Comedian John Belushi became a star on “Saturday Night Live” (SNL) and a legend with “Animal House” and “The Blues Brothers.” Belushi was part of a close-knit group of comics who became rock-star famous at the same time — Dan Aykroyd, Bill Murray, Gilda Radner, and Harold Ramis. Belushi died of a drug overdose in 1982 when he was just 33 years old. He was a star for less than a decade. Director R.J. Cutler tells his story in a new Showtime documentary called “Belushi.”
Director R.J. Cutler says much of the documentary revolves around interviews compiled by Judy Belushi, John’s wife, which sat in her basement for decades until Cutler was invited to sift through the material. The collection of tapes includes interviews from Carrie Fisher and Harold Ramis. It also features letters between Judy and John, who met when they were in high school.
“It was a great love story. First of all, he was a very private man who didn't like to share with the public and was not emotionally revealing as a celebrity,” Cutler says. “He was very emotionally revealing in his relationship … and he revealed himself to her in a way that he had never been revealed before.”
Throughout the film, those letters are read by actor Bill Hader.
“[He] doesn't perform John, but does somehow capture his heart and soul in the reading of the letters. I found it to be the emotional core of the film and highly revelatory.”
The impact of Belushi’s father
One of Belushi’s more well-known characters on SNL, the Cheeseburger Guy, was based on his father. He was an Albanian immigrant who ran a diner.
“John's is a classic immigrant story, the son of parents who come from another country in pursuit of the American dream. They barely speak English. English is not the first language. So he learns to communicate, to transcend language really, in his communication.”
According to Cutler, Belushi’s father hoped he would take over the business. However Belushi’s passion for comedy, writing and bringing people together led to conflict between them.
Lorne Michaels vs. John Belushi
Today, Belushi is remembered as one of the original seven cast members of “Saturday Night Live.” But in the early days of the show’s development, Cutler says SNL creator Lorne Michaels kept Belushi at a distance. Cutler says that’s because of the group of performers who would later become part of history.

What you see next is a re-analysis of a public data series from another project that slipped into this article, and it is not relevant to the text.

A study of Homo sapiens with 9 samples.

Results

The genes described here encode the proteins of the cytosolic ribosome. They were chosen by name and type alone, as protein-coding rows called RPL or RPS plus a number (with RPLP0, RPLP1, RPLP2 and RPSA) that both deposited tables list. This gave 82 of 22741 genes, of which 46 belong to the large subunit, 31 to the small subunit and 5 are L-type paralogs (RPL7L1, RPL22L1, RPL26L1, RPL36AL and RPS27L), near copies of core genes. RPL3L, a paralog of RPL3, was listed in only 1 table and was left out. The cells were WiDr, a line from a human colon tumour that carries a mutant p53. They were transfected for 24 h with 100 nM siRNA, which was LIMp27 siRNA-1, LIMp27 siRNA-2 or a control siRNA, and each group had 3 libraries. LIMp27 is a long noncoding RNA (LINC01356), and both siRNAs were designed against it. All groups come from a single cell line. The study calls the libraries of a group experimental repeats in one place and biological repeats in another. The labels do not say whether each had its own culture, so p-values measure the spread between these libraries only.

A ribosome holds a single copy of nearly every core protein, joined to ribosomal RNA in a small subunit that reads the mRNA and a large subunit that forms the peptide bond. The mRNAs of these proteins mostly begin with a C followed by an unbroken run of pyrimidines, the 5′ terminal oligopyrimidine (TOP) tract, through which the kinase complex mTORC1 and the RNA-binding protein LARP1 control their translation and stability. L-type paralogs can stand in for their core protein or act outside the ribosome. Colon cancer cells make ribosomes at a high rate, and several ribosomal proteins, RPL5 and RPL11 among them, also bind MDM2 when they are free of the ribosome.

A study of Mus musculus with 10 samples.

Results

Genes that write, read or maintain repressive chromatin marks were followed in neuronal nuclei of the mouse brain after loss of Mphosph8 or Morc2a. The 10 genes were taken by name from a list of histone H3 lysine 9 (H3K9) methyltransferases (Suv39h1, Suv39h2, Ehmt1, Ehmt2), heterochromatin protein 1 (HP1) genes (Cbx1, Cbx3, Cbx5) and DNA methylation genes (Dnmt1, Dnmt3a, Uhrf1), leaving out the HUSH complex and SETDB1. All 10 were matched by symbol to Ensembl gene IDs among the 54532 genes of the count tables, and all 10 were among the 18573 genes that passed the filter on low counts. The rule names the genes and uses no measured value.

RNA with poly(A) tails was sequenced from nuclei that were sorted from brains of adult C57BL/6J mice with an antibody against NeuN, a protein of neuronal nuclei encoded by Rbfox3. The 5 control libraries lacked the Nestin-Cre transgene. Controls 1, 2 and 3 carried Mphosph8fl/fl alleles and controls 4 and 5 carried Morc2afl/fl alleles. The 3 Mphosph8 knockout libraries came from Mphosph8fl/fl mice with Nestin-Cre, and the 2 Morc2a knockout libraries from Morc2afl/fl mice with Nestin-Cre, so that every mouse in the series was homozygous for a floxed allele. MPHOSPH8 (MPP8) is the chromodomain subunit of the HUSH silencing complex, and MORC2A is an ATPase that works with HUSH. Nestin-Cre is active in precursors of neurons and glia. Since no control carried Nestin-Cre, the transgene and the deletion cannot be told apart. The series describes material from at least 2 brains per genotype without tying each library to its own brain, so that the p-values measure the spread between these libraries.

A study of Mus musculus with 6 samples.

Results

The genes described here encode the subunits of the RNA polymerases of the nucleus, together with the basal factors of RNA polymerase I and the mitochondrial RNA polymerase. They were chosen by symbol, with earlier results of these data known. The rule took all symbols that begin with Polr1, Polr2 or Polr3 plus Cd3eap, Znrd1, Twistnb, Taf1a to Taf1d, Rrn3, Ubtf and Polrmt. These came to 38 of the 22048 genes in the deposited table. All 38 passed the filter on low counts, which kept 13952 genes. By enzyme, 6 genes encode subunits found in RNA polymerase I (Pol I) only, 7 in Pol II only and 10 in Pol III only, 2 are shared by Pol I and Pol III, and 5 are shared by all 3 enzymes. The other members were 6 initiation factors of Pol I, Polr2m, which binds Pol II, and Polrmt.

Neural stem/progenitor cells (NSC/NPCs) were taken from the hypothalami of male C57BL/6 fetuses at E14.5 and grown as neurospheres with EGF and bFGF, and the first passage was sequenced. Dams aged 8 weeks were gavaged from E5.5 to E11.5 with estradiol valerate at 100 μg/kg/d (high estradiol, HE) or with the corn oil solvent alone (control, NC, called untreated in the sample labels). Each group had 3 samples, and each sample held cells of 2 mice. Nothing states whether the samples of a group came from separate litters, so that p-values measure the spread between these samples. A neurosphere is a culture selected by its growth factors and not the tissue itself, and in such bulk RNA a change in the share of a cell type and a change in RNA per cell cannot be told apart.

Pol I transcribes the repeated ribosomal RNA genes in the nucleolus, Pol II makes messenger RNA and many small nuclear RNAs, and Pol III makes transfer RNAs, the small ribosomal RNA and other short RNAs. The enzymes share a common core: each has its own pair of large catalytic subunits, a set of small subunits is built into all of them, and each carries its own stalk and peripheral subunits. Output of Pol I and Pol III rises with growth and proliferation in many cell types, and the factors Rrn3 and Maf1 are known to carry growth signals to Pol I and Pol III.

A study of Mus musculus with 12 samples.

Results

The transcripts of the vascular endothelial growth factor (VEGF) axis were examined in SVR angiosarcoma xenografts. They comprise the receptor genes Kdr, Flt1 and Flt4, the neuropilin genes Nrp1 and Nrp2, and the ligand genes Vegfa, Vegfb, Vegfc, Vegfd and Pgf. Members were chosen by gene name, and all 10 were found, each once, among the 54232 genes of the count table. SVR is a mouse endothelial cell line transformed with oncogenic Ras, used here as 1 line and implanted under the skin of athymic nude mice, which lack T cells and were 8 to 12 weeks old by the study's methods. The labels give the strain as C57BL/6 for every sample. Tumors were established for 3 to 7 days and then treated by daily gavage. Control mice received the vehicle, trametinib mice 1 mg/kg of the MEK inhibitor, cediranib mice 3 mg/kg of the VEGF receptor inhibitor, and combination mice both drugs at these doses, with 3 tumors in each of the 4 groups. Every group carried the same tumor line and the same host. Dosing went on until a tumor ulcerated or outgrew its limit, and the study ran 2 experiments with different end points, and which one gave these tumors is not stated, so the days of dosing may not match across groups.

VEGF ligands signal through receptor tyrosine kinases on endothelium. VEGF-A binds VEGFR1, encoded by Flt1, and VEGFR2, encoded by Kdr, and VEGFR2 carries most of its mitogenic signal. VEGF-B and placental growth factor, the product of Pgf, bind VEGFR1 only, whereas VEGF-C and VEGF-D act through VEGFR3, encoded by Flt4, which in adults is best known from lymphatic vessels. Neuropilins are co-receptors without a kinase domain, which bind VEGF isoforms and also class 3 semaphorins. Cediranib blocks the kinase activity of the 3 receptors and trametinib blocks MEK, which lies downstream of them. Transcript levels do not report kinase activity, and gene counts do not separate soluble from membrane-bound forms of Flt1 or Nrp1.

“John was the one who first put together Bill Murray and Dan Ackroyd and Brian Doyle-Murray and Gilda Radner … that gang changed the world of comedy, right. And a lot of that gang went over to ‘Saturday Night Live.’ They weren't Lorne’s gang, they were John's gang. It doesn't surprise me that the two of them in a way were in conflict,” Cutler says.
A complicated relationship with women
“Belushi” also highlights the comedian’s treatment of women on SNL. In interviews, SNL cast member Jane Curtain, Judy Belushi and SNL writer Anne Beatts discuss the topic.
“He was very hard on two of the women writers. And kind of just made it a categorical, ‘I don’t like their work, I don’t want to do their work,’ kind of thing. And of course, they often wrote for Gilda [Radner], and I think she felt he was being mean and unfair,” Judy Belushi says in the documentary.
Cutler says that despite his relationship with his wife, it’s clear he treated women writers differently than the men on the show. He notes it would cost him his friendship with Radner.
Battling substance abuse
Despite living within a culture of recreational drug use, Belushi struggled with addiction, Cutler says. The documentary features Carrie Fisher, who talks about the concept of sobriety and the culture of addiction.
“Drugs aren’t the problem. Sobriety is the problem. Because he had no support group to sort tell him how to deal with what comes up when you stop doing drugs. You're not doing drugs for no reason. Once your management medication is removed, all those feelings that it's been sitting on come up. And you have no coping skill,” Fisher says in the documentary.
In his last conversation with Belushi, Dan Akroyd recommended he get away from Hollywood. At the time, Akroyd was writing “Ghostbusters.”
“He said, okay. [But his] sensitive side kicked in. He was numbing the pain and fighting it off. It seemed like he could never get out of that,” Akroyd says in the film. “And I thought, ‘I better finish this page, this paragraph, and get the f— out there.’ But I didn't get to him in time of course. I carry that with me forever.”
Cutler says Belushi was a performer who was always pushing the boundaries of his capabilities. That includes going into performance art and the world of music.
“This man was an artist who was forever reinventing himself. He never rested on his laurels. … He moved from comedy movie stardom to serious roles,” Cutler says. “He was just always pushing, always testing the boundaries, always trying to break down the barriers. It was his nature. And I do believe it would have continued to be so.”